On Skid Row, animals are bred as LA shelters reach overcapacity

On Skid Row, animals are bred as LA shelters reach overcapacity

 


LOS ANGELES (KABC) -- Sitting in a black sedan pulled over on a street in Skid Row, a kitten holds on. The beginning of his life could soon be the end. He needs medical help - fast.

Taking him there is Shira Scott. She does this several times a week, eight years and counting.

"No one grows up and goes, 'I want to be an animal rescuer' or goes to college for this, you know," said Scott, founder of Animal Rescue Mission. "But you can't not do it."

Scott, Joey Tuccio and Jenn Sims are bonded by their animal rescue efforts.


ABC7 tagged along on a routine checkup on Skid Row, where they say the animal overpopulation has grown to crisis level.


Some dogs and cats are taken care of by the unhoused. Some are left to take care of themselves. Others get stuck in between.


Video obtained by ABC7 shows dogs in cages, left on the sidewalk in the summer heat.


The outcry has prompted more than 18,000 people to sign an online petition begging city officials do more.


Los Angeles City Councilmember Eunisses Hernandez is brainstorming what she and her colleagues can do, starting with the breeders permit, which someone can buy for $235.


So far this year, the city has issued more than 1,300 new permits. Hernandez introduced a motion to pause it, which the city council approved unanimously. The ordinance, once finalized, will initiate a moratorium that can be lifted when the number of pets in shelters falls below 75% capacity.


"We are not able to get pets out quick enough into homes, and we have to figure out different ways to slow down the stream of new pets being created," Hernandez said.

On Skid Row, a 1-year-old Dobermann named Pebbles is pregnant with her first litter. Her owner, Dwight, bred her intentionally.

He plans to sell the puppies, saying doing so will help him get off the streets.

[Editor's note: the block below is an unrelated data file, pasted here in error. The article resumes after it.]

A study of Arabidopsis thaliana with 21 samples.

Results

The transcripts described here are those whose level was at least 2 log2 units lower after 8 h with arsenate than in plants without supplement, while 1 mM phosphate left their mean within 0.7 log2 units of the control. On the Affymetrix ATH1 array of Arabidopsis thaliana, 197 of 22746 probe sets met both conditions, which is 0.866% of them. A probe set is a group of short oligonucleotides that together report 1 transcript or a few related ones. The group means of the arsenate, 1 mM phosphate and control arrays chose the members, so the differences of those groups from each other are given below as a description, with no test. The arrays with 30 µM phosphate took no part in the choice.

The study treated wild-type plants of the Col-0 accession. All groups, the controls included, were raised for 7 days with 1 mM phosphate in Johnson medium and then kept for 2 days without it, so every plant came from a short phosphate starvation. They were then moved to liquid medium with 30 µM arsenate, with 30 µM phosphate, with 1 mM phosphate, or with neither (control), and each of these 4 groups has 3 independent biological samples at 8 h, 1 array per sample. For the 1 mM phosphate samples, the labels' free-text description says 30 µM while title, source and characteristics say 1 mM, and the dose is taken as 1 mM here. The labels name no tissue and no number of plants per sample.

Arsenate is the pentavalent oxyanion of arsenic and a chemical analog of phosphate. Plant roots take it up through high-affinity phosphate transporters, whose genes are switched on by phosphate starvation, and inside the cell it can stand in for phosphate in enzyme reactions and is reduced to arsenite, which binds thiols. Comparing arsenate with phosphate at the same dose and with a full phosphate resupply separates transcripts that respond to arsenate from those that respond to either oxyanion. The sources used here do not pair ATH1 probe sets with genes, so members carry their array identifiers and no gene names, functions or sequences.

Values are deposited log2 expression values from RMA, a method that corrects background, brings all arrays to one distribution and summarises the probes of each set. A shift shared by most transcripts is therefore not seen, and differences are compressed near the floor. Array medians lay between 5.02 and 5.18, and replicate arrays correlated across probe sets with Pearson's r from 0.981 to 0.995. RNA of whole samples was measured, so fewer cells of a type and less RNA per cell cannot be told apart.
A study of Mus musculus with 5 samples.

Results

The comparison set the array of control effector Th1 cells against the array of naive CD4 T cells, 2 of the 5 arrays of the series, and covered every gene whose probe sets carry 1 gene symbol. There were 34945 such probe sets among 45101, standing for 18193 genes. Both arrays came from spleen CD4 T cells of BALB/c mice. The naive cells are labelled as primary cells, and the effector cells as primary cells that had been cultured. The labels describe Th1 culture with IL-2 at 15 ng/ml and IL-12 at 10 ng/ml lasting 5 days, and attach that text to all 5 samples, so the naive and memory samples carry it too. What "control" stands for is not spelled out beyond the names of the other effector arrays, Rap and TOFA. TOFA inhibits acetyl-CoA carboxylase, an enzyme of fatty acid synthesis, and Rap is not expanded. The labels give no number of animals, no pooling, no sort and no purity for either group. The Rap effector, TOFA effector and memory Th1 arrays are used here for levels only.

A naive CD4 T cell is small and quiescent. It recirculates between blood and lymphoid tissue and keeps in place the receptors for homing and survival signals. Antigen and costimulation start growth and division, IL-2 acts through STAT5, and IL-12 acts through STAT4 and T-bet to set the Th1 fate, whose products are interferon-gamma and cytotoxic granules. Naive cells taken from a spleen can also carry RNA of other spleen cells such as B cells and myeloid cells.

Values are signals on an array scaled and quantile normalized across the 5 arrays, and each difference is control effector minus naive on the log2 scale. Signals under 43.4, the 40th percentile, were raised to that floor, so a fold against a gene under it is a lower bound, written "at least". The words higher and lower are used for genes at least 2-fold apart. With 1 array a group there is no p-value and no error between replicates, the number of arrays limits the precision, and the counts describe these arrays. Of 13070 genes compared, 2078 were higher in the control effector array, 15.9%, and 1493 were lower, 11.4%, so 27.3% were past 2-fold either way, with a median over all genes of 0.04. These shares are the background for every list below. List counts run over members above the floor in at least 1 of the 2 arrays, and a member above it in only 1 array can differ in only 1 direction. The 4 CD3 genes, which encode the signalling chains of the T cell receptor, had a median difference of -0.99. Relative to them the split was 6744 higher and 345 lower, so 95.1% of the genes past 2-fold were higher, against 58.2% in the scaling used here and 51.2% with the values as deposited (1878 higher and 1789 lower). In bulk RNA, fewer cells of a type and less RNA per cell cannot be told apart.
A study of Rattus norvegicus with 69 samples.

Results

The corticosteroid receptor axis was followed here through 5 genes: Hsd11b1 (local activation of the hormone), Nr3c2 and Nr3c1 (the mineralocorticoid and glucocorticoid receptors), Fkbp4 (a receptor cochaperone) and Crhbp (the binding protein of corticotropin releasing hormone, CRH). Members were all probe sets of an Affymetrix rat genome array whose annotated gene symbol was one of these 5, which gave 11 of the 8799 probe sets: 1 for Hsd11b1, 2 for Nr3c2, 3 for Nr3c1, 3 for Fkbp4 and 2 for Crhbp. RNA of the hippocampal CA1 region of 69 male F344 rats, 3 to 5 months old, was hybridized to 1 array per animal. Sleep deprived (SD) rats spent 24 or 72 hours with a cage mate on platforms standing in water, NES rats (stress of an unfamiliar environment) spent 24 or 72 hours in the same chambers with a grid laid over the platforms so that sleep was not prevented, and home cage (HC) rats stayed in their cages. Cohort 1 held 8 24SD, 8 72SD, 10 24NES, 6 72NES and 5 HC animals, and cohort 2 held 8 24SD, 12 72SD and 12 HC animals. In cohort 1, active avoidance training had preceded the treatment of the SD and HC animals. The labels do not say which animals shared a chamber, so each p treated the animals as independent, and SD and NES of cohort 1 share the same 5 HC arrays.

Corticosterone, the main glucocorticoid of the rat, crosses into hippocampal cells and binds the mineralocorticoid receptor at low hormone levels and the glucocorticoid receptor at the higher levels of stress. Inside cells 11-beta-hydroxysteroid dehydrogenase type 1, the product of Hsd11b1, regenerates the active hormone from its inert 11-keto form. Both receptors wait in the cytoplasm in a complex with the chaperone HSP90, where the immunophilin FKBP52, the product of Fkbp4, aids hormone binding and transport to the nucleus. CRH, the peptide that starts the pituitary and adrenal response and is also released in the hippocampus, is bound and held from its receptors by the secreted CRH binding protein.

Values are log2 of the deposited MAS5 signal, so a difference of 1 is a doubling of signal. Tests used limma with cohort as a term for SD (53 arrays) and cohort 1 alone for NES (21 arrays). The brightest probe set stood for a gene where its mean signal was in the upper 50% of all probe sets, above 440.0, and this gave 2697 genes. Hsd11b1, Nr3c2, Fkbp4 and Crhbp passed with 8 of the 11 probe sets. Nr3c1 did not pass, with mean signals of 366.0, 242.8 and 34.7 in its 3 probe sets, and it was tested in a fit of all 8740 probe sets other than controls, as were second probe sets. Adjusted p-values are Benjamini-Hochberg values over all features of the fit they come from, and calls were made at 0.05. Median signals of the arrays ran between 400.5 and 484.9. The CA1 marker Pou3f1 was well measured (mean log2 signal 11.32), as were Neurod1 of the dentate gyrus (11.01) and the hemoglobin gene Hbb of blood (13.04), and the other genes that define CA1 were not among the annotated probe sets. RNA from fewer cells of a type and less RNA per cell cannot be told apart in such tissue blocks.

Rescuers shared video after video of litters littering the streets. Puppies being raised in shopping carts, often for sale.

The reasons why people breed dogs on Skid Row vary. At the root of them: why not?

ABC7 asked Hernandez what's stopping people from breeding dogs, even with a moratorium. She alludes to the moratorium as a reflection of the situation overall.

"But that's why we also have to talk about the staffing levels at our L.A. Animal Services Department," Hernandez said.

L.A. Animal Services plans to hire 120 relief animal care workers -- part-time, as-needed workers. If all goes well they should take weeks, rather than months, to fill.

The rescue workers ABC7 spoke with believe adding ordinances and resources are two issues, but enforcement is a third.

"Spay and neuter, get licenses," Simms said. "Do you have the adequate space for your animal? (Those are) the rules."

Adding enforcement to the often lawless Skid Row is a delicate dilemma. If doing so means taking animals off of Skid Row, the next challenge lies in where to put them.

"To everyone's point, our shelters are overrun right now," Tuccio said. "So that's why we have to stop it now, before it gets even worse."


The number of intakes at L.A. city animal shelters is creeping up to pre-pandemic level, with an average of 3,300 animals surrendered per month. Monthly intake levels hit a two and a half year peak this summer, topping 4,000.

The kitten taken off of Skid Row had mange and needed hernia surgery. He's recovering, and no longer living on Skid Row, which means he's no longer living with Danesha White.

She agreed to let the rescuers take him. Doing so wasn't easy.

"They're emotional support," White said.

She says she has lived on Skid Row on and off for five years. Help comes every so often, for the animals and the people.

When it's quiet, they have each other.

"Something to take care of," White said. "Be there for you, you be there for it."